Updated: July 17, 2012 11:44AM
How easy it is as parents to see the negative in a child as only that.
“He is so stubborn.” “She talks too much.” “That kid is so argumentative.” And on it goes.
Instead, years ago, a wise pastor friend encouraged me in dealing with my children to always try to find the positive side of a personality or character trait I was having trouble with. This isn’t to whitewash anything but rather to help shape and direct — or just better understand — how a child operates by first understanding who that child is.
The flip side is also true.
I’ve seen parents oblivious to the fact that their outgoing child is also the one sucking the oxygen out of the room with his constant talking or demanding that the spotlight always be on him. The one with self-confidence can at times be too full of himself. (I will neither confirm nor deny that we’re talking about any of my kids here!)
Here’s an example that is OK to share. I have a child who is extraordinarily passionate about everything she does, and there are times when that can be destructive. But it’s especially when that trait is driving me nuts that I have to remember, as I deal with it or help her deal with it, it’s that same passion that propels her to excellence in areas like the classroom and theater and to be an enthusiastic and sought-after friend.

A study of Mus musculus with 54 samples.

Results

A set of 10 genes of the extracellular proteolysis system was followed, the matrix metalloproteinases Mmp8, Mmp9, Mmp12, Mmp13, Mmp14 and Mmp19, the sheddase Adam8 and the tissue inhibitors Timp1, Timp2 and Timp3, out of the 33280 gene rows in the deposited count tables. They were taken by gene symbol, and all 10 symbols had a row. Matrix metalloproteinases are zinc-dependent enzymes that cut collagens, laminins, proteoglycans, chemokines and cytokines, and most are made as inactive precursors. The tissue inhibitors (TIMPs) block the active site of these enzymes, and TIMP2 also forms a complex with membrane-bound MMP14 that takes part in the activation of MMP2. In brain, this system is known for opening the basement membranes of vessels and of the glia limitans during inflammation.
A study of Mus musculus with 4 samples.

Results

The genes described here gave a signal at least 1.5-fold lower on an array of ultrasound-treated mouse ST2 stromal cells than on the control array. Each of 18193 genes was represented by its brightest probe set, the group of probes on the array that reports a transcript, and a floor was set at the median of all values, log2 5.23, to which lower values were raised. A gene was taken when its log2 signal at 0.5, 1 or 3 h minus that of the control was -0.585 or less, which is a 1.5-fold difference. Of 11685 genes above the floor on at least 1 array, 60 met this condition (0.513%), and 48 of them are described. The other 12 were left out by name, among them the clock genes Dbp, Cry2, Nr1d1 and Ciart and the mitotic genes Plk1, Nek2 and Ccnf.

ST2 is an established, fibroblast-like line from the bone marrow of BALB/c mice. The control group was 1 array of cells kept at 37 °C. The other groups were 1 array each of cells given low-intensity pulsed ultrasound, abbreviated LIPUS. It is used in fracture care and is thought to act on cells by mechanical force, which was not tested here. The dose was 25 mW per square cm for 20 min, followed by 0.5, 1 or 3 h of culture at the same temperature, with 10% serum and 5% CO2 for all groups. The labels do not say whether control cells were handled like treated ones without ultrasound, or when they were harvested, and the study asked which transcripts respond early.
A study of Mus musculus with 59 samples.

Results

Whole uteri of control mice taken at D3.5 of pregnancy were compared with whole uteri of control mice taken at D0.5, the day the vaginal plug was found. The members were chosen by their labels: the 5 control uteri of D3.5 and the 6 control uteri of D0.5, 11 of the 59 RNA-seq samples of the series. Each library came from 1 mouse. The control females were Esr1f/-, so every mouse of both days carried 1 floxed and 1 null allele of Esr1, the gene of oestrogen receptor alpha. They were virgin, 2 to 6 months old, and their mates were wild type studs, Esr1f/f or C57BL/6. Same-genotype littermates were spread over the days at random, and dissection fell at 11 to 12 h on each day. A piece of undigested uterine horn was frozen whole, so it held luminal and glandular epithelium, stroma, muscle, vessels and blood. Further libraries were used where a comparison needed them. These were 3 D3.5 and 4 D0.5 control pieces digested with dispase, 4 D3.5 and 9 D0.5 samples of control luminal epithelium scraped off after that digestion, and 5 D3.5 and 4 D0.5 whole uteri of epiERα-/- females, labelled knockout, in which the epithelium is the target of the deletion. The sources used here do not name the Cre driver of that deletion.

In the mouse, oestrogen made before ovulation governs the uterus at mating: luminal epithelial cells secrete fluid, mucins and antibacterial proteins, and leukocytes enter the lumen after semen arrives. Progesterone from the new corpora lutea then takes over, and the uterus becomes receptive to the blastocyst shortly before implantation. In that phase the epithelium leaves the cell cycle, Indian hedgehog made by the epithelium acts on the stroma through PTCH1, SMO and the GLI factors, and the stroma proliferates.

As I seek to help her find positive outlets for her passion, I have to remind myself that it’s actually unfair for me to think that trait should be exhibited only when I like it, not when I don’t. She is, wonderfully, who God designed her to be. So it’s better for me to appreciate her passion even as I try to help her shape it in positive ways.
David Staal sheds needed light on the nuances of helping rightly orient our children in Lessons Kids Need to Learn: Six Truths To Shape The Character of The Child You Love (Zondervan 2012). Chapters include: “Believe That You Matter/Live Like Others Matter More”; “Find Your Unique Fit/Find Out You Can Fail”; “Forget Unimportant Stuff/Remember Life Has Consequences”; and “Be a People Person/Be Your Own Person.”
Staal, director of Kids Hope USA, works with at-risk kids and was formerly the director of Promiseland, the children’s ministry at Willow Creek Community Church in South Barrington.
His book is a great antidote to the “all or nothing” brand of parenting. Staal considers different sides of a necessary life lesson (versus character traits, per se), but also demonstrates why it is often so much better to consider nuance and balance when it comes to our children, rather than the black-and-white approach often found in books on parenting.
There’s a continuum there we have to help our children think about.
Of course, the bottom line is that thinking in terms of balance and shaping— whether in character traits or life lessons — requires something of us as parents. Something much more than just a “let the experts tell us the answer” mentality I often see on the one hand, or the “my parenting doesn’t matter; my kids will turn out how they turn out” on the other.
What a breath of fresh air.
So much of this, of course, is just common sense. But as Staal told me, when we ignore common sense, we make parenting complicated.
And there’s not much nuance needed there.